From Alberta to Zermatt, hotels vie to offer the most spectacular view from a hotel room window. But not many hotels are spectacular views themselves.
Boston’s Intercontinental does both. From my panoramic window, the view of the waterfront above Fort Point Channel stretched across the harbor, and included boats moored below, as well as little water taxis scuttling between Rowe’s Wharf and the World Trade Center. A replica of a tallship from the great age of sail glided across the water and posed momentarily beneath a 747 taking off from Logan. I had to tear myself away from this changing scene, reminding myself that I was in town on business, not to daydream at the window.
But it was the view of the hotel, not from it, that had first attracted me to the Intercontinental. The girls and I had stepped out of the Boston Children’s Museum late one afternoon and before us was as fine a cityscape as I’d ever seen. Across the channel, the gently curved east façade of the hotel rose 22 stories tall, and in its blue-tinted glass was reflected the slightly surreal shapes and colors of the blue sky and the brick-red museum bathed in afternoon sunlight.
As we walked toward the bridge, the patterns of the reflection shifted subtly, like a painting being created as we watched. It wasn’t just the reflection that arrested my attention. It was the shape and proportion of the building.
I learned during my stay that this proportion was no random decision. Pointing out that Boston’s original high-rises were the tall ships, architect Howard Elkus chose the height of the towers to match the height of the masts of ships that docked where the hotel now stands. And its gently convex and concave surfaces recall their billowing sails.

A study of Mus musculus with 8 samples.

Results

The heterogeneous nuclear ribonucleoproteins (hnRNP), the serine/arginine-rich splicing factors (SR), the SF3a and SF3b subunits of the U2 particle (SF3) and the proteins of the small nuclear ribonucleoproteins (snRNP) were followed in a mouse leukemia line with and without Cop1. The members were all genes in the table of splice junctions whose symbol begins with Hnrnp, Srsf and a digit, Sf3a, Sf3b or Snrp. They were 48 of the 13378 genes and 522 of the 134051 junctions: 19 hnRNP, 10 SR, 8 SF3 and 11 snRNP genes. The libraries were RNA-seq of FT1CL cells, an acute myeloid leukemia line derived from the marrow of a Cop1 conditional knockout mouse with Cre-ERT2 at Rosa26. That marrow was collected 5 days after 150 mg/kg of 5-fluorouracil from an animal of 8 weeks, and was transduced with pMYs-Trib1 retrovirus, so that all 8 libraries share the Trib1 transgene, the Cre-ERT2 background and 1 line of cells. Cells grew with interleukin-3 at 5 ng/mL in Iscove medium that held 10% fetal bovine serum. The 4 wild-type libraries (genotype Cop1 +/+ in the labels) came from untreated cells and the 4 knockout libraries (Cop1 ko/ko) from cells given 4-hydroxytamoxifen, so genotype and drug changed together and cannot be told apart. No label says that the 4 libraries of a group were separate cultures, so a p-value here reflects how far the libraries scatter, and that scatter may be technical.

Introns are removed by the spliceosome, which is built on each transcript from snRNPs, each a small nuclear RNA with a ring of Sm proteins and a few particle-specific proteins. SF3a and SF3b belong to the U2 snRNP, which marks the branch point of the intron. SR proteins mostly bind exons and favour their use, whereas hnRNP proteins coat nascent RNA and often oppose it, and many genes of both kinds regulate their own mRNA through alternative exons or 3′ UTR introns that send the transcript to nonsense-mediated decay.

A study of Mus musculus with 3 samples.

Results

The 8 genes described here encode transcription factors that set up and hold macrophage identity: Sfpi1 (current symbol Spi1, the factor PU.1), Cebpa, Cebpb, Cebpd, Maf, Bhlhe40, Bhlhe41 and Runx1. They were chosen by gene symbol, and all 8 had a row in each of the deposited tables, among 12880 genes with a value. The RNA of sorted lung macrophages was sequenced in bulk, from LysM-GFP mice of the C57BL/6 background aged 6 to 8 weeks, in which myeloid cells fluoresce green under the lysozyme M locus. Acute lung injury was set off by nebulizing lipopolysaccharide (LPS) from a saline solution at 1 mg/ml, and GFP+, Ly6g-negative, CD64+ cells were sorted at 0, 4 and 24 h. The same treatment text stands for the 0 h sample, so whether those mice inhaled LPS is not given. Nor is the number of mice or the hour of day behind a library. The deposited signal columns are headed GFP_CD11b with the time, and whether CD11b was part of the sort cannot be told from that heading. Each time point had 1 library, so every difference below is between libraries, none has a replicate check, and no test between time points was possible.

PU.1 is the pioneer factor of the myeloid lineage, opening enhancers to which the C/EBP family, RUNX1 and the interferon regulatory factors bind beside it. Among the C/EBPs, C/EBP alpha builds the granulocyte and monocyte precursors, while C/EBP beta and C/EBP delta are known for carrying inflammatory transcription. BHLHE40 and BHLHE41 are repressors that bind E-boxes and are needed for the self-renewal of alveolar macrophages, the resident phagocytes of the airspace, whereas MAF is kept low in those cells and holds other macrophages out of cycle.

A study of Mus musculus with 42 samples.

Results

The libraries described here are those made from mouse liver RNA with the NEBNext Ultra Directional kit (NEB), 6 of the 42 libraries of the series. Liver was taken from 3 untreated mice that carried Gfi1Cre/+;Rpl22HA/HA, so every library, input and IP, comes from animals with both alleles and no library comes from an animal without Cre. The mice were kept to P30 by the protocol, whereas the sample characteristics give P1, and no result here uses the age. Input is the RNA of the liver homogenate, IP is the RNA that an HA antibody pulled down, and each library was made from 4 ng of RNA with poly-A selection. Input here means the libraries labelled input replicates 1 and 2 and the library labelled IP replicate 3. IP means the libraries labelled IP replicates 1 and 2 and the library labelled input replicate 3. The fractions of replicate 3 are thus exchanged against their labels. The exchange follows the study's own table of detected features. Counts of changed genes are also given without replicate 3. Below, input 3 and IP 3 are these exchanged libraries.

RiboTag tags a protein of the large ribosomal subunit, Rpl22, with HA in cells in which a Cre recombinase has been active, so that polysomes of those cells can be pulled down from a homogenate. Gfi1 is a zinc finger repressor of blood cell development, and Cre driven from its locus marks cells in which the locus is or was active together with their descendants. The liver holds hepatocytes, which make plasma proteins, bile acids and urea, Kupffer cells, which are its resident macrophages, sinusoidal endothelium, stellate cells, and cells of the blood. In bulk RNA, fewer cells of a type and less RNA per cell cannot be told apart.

There’s even more history wound into the 2007 building. It stands on the site of the Boston Tea Party, and to commemorate the location, in a prominent glass case in the lobby is an original tea chest from that event that helped kick off the American Revolution.
I found a few other revolutionary ideas at the hotel – a French bistro, a rum bar (with the tongue-in-cheek name Rum-Ba poking a bit of fun at the Boston accent) and a restaurant with live salsa music, specializing in sushi and tequila.
My room was not the typical bed-in-a-box, either. First, it was spacious, and its size enhanced by the wall full of windows that brought sky and 180 degrees of Boston waterfront into view. The bed was abundantly endowed with good pillows, high-count linens, and two reading lights on each side – a lamp on the table and a small goose-neck spotlight.
A large (and well equipped with outlets) desk sat in front of the window, and a cushy armchair and an update of the Victorian fainting couch provided comfortable seating. All the expected details were there – soft robe, slippers, big closet with a light, iron and board. A doorbell announced guests.
The bathroom was large, too, and like the room, made even more spacious-seeming by a large window opening into the bedroom. It was set high, opening above the backboard of the bed, and could be closed for more privacy. The were dual sinks in a marble vanity, large tub and glass-enclosed shower were all supplied with quality bath amenities, and towels were plentiful.
Spacious is the word that comes first to mind here, in guest rooms and throughout the hotel. Its wide lobby spans an entire block in length, opening both to Atlantic Avenue (only two short blocks from South Station) and to the waterfront promenade. Rum-Ba is a striking focal point – but not enough so that you fail to notice the lobby art works. The hotel has made this a priority, showing museum quality exhibits in its public spaces.
The bottom line at any hotel is the hospitality, and I was pampered there by a genial and accommodating staff. They gave directions, offered a hand, opened doors, greeted me and bid me adieu with warmth and a smile. I’ll return to stay, and will continue to enjoy its contribution to the waterfront scenery whenever I'm in the neighborhood.